In late April, there wasn't a company in the world -- inside or outside of the video game industry -- that wanted to be Sony.

By the end of December, though, there are likely to be several willing to switch places.

While there's no denying that 2011 will not go down as the PlayStation's greatest year, Sony actually seems poised to bounce back significantly from its hacker problems (and the accompanying PR disaster) by the time we're singing Auld Lang Syne.

The PlayStation 3 has one of the strongest console game lineups of the holiday season. The Nintendo Wii is a non-contender, with The Legend of Zelda: Skyward Sword as the sole heavy hitter this holiday. Microsoft's a stronger competitor, with Forza 4, Gears of Wars 3 and Halo: Combat Evolved Anniversary in the queue.

But PS3 gamers will have a trio of the system's biggest franchises coming this year:  Resistance 3, a long-awaited Twisted Metal game and Uncharted 3: Drake's Deception. And, as icing on the cake, Sony will offer two collections, one upgrading the PSP
God of War games to high definition, with the other giving the same treatment
to critically-acclaimed cult hits Ico and Shadow of the Colossus.

The strength of the game lineup will likely not be enough to make people completely forget about this year's security issues, but it will certainly help. And the lingering whispers of a price cut for the PS3 as the holidays draw near could be an even bigger one.

"They are set to do well," says Billy Pidgeon, senior analyst with M2 Research. "Now that the PS3 is priced reasonably, that's going to spur sales - and it will spur them even more if it comes down. ... [Also,] I think they've been working on their first party portfolio for some time, and we're starting to see some cumulative quality there."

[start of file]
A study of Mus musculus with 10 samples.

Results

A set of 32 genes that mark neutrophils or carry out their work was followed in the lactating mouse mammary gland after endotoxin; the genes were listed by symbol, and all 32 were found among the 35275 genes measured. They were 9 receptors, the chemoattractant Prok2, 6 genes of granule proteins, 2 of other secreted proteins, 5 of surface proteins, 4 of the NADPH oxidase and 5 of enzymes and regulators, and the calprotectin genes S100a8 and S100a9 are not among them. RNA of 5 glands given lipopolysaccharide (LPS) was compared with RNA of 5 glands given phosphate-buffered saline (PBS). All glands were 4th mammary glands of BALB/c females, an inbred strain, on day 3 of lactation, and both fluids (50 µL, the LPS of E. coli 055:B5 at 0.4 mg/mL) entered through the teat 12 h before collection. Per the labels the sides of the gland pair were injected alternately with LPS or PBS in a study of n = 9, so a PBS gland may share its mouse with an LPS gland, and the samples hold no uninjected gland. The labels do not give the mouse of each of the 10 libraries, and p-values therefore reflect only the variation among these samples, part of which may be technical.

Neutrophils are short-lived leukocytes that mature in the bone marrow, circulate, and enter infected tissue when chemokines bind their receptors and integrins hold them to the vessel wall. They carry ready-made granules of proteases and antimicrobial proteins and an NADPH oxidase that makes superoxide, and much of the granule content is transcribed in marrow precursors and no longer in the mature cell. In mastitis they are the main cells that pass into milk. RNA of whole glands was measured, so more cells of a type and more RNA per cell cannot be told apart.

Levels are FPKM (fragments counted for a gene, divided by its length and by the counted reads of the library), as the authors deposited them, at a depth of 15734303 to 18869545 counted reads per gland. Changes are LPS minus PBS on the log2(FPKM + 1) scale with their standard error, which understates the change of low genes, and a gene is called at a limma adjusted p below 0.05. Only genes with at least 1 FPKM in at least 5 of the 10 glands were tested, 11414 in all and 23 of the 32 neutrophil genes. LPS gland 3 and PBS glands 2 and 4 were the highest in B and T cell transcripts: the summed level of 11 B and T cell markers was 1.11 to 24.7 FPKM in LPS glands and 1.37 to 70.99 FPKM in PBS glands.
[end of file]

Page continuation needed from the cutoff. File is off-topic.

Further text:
There's also that little matter of a new hardware system coming to market. The PlayStation Vita is scheduled to hit U.S. shelves by the end of 2011, and if it does, it will be an added bonus for the company. Analysts and consumers were thrilled with the $249/$299 pricing announcement for the handheld system at E3 and the launch lineup of titles is a strong one. The dedicated handheld market may be a lot more competitive than it used to be, but
Sony's betting that core gamers will still be willing to invest in high-definition, deep games.

Check out Playstation Vita pics

"It still can be a profitable business," notes Pidgeon. "They have to give hardcore gamers and enthusiasts a real alternative to the third- or fourth-rate stuff they can get on convergent platforms."

The portfolio certainly caught the eye of critics at E3. Sony tied for the most "Best of E3" nominations from the E3 Game Critics, an independent collection of some of the industry's top writers and editors, collecting 14 overall. That's 8 more nominations than it scored last year and the most in five years for the company. Uncharted 3 was the most honored of
Sony's games.

Of course, when you're dealing with a security breach as massive as the one Sony faced, it's not something that goes away on its own. More than 100 million accounts saw personal information stolen in April, resulting in a shutdown of the PlayStation Network for nearly a month.

The company spent that time rebuilding the system, though, and adding new layers of security. And while Sony corporate has been the continued target of hackers since the April attack, no group has been able to penetrate the walls of the gaming division. (And given the notoriety that feat would earn them, you can bet several hackers have tried.)

Customers certainly seem willing to forgive the company. Network traffic on the PlayStation Network is already at 90 percent of the levels it was pre-hack. And with the spike that will likely accompany holiday games (including exclusive titles and multi-platform giants like Call of Duty: Modern Warfare 3), it won't surprise anyone if it exceeds those levels by the end of the year.

"Everybody's getting hacked these days," says Pidgeon. "They were targeted, but other people were as well - including big companies like Citibank. The fact that Citibank was hit as well makes it less about Sony. ... They're also leveling with people and thanking them for
their patience and patronage. I do think they're coming back."